Jōzo arukōru, arukōru tenka (aruten)

Brewer’s alcohol; (process of) alcohol addition

Under the Japanese Liquor Tax Law, refined alcohol is one of the subsidiary ingredients whose use is permitted when making seishu. The total weight of alcohol and other subsidiary ingredients is limited to below 50% of the weight of the white rice used (including kome-koji). Furthermore, the standards approved by the Tax Agency restrict the amount of alcohol that maybe used by a given production facility to within the range of 280 litres of alcohol (calculated at 100% alcohol content) per 1000kg of white rice used in a year.

During World War Two there were shortages of rice for use as a raw material for sake making, and the use of alcohol was permitted in 1942. Commonly, alcohol is added to the moromi a day or two before pressing. This is called arukōru tenka (アルコール添加, alcohol addition), often abbreviated to aruten (アル添) . Adding alcohol makes the flavour lighter, raises the percentage of alcohol, and increases resistance to hi-ochi bacteria. Even in the early Edo Period (1603-1868), the technique was used to prevent hi-ochi, when it was known as hashira jochu (long “o”, long “u”, 柱焼酎).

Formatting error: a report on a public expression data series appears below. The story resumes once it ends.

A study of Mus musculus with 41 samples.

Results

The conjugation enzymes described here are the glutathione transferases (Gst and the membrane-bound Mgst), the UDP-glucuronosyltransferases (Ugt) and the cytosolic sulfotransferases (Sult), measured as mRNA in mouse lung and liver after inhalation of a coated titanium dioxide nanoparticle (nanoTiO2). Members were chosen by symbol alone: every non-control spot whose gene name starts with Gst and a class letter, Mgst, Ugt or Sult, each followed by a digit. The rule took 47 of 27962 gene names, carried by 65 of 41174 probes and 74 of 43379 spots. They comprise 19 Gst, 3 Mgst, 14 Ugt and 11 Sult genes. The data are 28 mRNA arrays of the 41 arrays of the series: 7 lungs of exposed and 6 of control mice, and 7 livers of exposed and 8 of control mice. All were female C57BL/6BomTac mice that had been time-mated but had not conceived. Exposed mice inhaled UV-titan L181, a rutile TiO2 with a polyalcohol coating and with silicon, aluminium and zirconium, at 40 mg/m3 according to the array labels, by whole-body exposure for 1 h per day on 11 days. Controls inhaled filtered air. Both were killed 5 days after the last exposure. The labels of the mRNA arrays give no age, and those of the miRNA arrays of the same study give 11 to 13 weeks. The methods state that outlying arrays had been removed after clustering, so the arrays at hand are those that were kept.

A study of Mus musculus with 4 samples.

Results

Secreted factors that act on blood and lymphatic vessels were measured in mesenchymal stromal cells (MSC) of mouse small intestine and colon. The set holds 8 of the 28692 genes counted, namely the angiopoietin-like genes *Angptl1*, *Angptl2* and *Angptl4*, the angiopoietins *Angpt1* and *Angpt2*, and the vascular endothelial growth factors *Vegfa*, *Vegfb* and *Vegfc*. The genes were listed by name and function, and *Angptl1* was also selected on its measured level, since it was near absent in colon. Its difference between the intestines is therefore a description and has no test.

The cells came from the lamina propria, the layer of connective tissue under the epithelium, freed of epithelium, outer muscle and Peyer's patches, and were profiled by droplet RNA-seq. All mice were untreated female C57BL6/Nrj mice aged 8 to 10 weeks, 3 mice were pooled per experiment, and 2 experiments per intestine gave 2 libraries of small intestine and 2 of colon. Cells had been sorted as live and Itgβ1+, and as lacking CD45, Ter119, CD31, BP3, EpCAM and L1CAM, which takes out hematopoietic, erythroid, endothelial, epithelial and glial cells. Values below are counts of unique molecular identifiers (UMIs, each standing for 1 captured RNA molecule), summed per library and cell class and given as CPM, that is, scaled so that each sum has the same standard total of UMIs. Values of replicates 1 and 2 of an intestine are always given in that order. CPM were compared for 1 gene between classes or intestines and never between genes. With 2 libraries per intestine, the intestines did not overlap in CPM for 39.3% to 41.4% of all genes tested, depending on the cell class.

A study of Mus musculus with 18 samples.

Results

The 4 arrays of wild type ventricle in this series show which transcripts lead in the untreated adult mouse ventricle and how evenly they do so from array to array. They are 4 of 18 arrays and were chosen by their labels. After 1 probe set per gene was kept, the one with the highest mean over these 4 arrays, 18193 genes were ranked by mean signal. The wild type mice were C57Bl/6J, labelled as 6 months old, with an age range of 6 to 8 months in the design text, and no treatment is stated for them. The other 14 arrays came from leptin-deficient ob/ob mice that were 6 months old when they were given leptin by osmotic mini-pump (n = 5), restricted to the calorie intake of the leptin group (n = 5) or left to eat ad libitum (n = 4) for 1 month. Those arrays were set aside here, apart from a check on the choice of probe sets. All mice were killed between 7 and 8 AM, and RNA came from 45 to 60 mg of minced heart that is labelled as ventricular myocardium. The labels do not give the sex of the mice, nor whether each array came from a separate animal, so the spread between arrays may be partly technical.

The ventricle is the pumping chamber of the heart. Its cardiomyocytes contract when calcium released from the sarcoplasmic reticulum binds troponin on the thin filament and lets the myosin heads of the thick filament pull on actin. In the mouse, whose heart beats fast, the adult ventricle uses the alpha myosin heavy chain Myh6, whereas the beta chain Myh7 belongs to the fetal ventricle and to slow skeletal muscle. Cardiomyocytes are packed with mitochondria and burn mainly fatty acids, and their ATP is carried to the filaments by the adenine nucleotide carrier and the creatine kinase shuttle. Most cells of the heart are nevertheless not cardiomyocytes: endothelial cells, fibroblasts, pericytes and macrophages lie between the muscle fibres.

Today, alcohol addition is used by many breweries. About 80% of all sake sold is alcohol-added, and 90% of the ginjo sakes entered in the Japan Sake Awards are of this type (2012 figures).

The raw materials for brewer’s alcohol are starchy substances like maize or sweet potato (which are saccharified), or molasses. After fermentation, these undergo continuous distillation through a fractionating column to give 95% ethyl alcohol. It is common now for raw alcohol to be imported, then re-distilled and refined domestically before use.